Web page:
We like to think that the internet is a wonderful invention, a tool that makes all of our lives better. While that’s often true, we all know that online activities can cater to the worst in human nature.
In fact, neighborhood-focused social media sites seem to be some of the nastiest offenders. But when a Georgia man encountered people making a fuss on such a site, he decided to turn complaints into compassion.
Joe Ward of Woodstock, Georgia, logged on to a local app in April to see familiar grumbling. On his neighborhood’s site, people were complaining about a badly overgrown yard, according to WSB-TV.
Such complaints aren’t uncommon. In fact, HowStuffWorks highlighted the tendency for seemingly practical social-media spaces to degenerate.
The site quoted an established Philadelphia blogger who’d become fed up with the way complaining had become a substitute for action.
“Reminder,” the blogger wrote, “posting on the internet in private groups doesn’t count as working hard to be a good member of your community.”
Neighbors pitch in to help disabled Viet Nam vet tackle a yard overrun by bushes and weeds. 4pm pic.twitter.com/u2e8UPxWZK
— Berndt Petersen (@BPetersenWSB) April 30, 2019
That’s a sentiment with which Ward agreed. While everyone piled complaints on to his neighbor with the overgrown yard, he decided to do something different.
He drove over to the property in question and met the neighbor.
What he found would’ve shocked people on that neighborhood site.
The person who lived there wasn’t some drug-addled ne’er-do-well or a lazy pensioner with a yearning for daytime television.
Instead, Ward found an elderly veteran trying his best to straighten out the situation, but his physical limitations had made it almost impossible.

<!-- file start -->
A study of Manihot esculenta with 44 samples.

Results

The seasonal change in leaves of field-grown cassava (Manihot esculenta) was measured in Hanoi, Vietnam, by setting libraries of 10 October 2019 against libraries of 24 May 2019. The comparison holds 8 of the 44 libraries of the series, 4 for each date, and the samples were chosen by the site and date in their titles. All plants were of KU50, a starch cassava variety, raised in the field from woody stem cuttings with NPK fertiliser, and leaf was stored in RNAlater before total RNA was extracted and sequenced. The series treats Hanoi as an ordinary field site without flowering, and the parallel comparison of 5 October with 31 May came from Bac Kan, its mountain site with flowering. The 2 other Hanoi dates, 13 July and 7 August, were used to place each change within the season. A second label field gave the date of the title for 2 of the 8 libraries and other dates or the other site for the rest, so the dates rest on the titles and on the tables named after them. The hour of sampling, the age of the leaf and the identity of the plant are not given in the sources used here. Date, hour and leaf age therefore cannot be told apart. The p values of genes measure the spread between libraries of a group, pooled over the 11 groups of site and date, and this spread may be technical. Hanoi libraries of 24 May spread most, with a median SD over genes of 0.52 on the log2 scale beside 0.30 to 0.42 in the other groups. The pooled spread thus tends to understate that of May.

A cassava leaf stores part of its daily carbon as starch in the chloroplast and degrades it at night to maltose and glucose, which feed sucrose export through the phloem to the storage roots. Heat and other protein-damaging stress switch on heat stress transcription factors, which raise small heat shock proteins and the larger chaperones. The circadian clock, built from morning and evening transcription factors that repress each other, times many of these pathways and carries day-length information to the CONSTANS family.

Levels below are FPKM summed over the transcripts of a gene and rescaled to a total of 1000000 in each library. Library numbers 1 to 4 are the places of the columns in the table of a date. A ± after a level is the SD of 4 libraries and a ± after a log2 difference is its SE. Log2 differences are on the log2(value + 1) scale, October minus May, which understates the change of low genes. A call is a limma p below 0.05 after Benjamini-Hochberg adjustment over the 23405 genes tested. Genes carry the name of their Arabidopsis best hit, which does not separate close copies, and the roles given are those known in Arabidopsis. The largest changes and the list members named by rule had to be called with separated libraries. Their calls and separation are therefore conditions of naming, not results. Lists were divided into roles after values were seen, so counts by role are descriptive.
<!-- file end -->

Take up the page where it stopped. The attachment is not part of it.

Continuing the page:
See, the man had emphysema, KOKI-TV reported. When Ward arrived, the veteran was attempting to clean up his yard on his own.
“He was loading brush on his own,” Ward said.
“He’s 80 years old. He was wheezing and having a great deal of difficulty with a massive task ahead of him. And no one offered to help him.”
Ward soon changed that. He grabbed a group of willing volunteers and they started work on the veteran’s property.
“We’ve gotten responses from people who wanted to help veterans or the elderly,” volunteer Tim Cheseborough told WSB-TV.
“I think it’s just great that people are helping a neighbor.”
Ward hopes that more people will get their hands dirty rather than carping online.
“When I saw that post, I was horrified,” he recalled.
“Then to have everyone suddenly be quiet and have the positive people chime in was very inspirational. We’d like to have neighbors help neighbors instead of causing problems or being negative about their situations.”